On September 15, 1806 the Lewis and Clark expedition, on its return journey from the Pacific Ocean, arrived at this location and camped nearby for two days before continuing down the river. The leaders, Meriwether Lewis and William Clark, noted that this spot, which is on a bluff overlooking the Missouri River and surrounding landscape, would be a good place for a fort. This was one of their last stops during the expedition, which concluded on September 23 in St. Louis. In April 2000 Kansas City placed a statue at West Terrace Park to commemorate the expedition's journey through the area. It depicts Lewis, Clark, and Sacagawea, along with Clark's slave York and Lewis' dog Seaman.
In 1804 President
Thomas Jefferson dispatched Meriwether Lewis and William Clark on an expedition
into the recently-acquired Louisiana Territory. Their objectives were to
explore the Missouri River; establish diplomatic relations with Native American
tribes; document regional plants and wildlife; and find a direct water route to
the Pacific Ocean. Lewis and Clark assembled a party of several dozen men
called the Corps of Discovery. The group left from St. Louis, Missouri on May
14, 1804. Later they were joined by Sacagawea, a Shoshone woman who served as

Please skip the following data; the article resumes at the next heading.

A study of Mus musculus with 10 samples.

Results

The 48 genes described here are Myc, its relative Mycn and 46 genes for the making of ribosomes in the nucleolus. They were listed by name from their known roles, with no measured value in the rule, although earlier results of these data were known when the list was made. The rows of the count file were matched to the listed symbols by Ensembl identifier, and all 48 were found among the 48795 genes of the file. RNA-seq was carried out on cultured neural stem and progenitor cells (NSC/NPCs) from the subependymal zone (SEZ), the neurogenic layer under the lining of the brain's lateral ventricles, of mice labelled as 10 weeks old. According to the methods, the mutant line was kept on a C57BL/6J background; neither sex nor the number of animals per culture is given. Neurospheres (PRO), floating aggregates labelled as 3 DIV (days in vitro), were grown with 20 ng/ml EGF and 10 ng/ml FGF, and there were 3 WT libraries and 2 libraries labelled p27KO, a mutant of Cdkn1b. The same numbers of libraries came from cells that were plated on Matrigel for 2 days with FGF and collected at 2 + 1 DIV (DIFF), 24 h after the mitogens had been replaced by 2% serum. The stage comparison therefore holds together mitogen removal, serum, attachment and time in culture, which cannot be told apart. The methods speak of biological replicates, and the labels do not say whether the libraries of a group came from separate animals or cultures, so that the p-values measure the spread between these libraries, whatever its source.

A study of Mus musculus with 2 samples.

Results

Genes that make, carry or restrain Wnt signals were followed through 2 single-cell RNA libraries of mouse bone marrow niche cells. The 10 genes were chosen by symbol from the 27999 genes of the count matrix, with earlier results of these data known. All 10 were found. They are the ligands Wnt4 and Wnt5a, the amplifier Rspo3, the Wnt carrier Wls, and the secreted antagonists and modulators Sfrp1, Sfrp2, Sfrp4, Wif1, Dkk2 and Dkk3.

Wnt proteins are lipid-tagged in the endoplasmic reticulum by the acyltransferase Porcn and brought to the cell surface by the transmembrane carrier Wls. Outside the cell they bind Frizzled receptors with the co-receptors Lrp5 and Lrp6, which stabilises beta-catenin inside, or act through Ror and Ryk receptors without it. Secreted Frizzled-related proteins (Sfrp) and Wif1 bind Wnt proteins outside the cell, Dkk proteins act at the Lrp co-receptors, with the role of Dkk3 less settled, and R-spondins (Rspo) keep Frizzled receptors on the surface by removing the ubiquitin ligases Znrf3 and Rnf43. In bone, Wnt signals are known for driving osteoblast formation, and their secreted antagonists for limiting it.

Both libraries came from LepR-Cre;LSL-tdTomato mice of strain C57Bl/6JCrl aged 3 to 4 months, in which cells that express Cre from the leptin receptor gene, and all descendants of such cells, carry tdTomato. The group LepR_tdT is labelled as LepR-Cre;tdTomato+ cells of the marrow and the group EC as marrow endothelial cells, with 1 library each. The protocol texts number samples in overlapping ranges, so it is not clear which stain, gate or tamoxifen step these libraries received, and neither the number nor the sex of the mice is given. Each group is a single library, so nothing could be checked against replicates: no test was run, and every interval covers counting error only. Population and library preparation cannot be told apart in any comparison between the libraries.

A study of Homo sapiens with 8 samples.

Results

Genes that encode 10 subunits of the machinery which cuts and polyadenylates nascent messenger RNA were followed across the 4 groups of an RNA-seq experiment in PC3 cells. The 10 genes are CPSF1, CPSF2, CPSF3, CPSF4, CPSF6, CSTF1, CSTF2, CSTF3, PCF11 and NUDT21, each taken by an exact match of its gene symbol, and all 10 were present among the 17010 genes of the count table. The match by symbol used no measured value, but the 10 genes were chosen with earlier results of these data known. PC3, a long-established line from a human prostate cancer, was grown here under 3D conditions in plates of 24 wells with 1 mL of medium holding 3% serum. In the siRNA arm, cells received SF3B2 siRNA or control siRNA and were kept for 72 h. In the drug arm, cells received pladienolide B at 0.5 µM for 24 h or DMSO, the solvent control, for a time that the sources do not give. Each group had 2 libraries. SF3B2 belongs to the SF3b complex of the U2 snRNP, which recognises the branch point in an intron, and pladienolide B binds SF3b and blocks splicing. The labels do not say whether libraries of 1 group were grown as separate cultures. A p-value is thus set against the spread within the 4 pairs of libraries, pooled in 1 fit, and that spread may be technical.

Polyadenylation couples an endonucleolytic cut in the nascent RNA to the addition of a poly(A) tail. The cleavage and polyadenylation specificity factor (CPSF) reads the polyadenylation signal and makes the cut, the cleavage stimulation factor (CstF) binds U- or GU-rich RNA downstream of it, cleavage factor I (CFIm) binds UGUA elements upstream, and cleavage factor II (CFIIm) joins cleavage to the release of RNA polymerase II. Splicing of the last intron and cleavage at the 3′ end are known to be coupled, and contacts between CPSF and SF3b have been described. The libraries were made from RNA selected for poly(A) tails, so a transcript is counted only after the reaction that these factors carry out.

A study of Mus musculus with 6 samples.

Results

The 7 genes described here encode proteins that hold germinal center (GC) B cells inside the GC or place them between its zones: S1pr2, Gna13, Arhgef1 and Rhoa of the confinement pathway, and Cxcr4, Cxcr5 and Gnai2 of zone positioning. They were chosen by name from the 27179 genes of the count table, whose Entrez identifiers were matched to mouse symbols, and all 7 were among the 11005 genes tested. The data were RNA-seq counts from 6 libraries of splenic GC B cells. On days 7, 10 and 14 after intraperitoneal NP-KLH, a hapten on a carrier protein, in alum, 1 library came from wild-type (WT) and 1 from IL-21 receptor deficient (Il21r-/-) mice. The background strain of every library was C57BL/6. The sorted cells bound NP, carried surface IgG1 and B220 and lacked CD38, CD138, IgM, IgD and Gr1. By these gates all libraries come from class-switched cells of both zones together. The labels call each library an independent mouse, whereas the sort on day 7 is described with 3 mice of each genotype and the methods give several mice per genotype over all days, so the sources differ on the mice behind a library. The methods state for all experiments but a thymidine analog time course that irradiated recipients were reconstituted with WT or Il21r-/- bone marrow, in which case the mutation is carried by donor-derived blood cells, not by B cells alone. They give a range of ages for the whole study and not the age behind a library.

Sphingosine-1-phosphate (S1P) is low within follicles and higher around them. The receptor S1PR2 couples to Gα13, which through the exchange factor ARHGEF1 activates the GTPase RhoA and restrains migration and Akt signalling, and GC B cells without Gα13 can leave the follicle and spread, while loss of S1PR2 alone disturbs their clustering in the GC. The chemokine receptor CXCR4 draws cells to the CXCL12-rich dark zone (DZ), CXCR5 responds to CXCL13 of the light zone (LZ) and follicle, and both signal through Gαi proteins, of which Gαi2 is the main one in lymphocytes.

the party’s guide and interpreter with Native tribes. The expedition lasted
over two years, with the Corps of Discovery traveling to the Pacific Coast and
back, a journey of almost 8,000 miles. They returned to St. Louis on September
23, 1806 to much fanfare. While the expedition failed to find a water route to
the Pacific, the party made many scientific contributions through its
examination of the geography, plants, and animals in the West.
During the return trip
back to St. Louis, Lewis and Clark traveled through what is now Kansas City,
Missouri on September 15, 1806. Clark noted in his diary that the area,
featuring a hill overlooking the Kansas and Missouri Rivers (present-day
downtown Kansas City), would make an ideal location for a fort. The party
managed to kill and eat an elk, and also collected papaw fruits.
Around 1999, Kansas
City decided to build a monument to the Lewis and Clark expedition in honor of
the city’s upcoming 150th anniversary. Artist Eugene Daub was
commissioned to sculpt a statue to be placed at the confluence of the Kansas
and Missouri Rivers, around where Lewis and Clark had passed through. He
created a bronze and granite sculpture, 21 feet tall and 18 feet wide. Named
the Corps of Discovery, it depicts five members of the expedition: Lewis,
Clark, Sacagawea, York (Clark’s African American slave), and Lewis’ dog,
Seaman. On the base of the sculpture is a quote by Thomas Jefferson praising
Lewis. The Corps of Discovery sculpture was dedicated on April 20, 2000. It
stands in a brick plaza at West Terrace Park.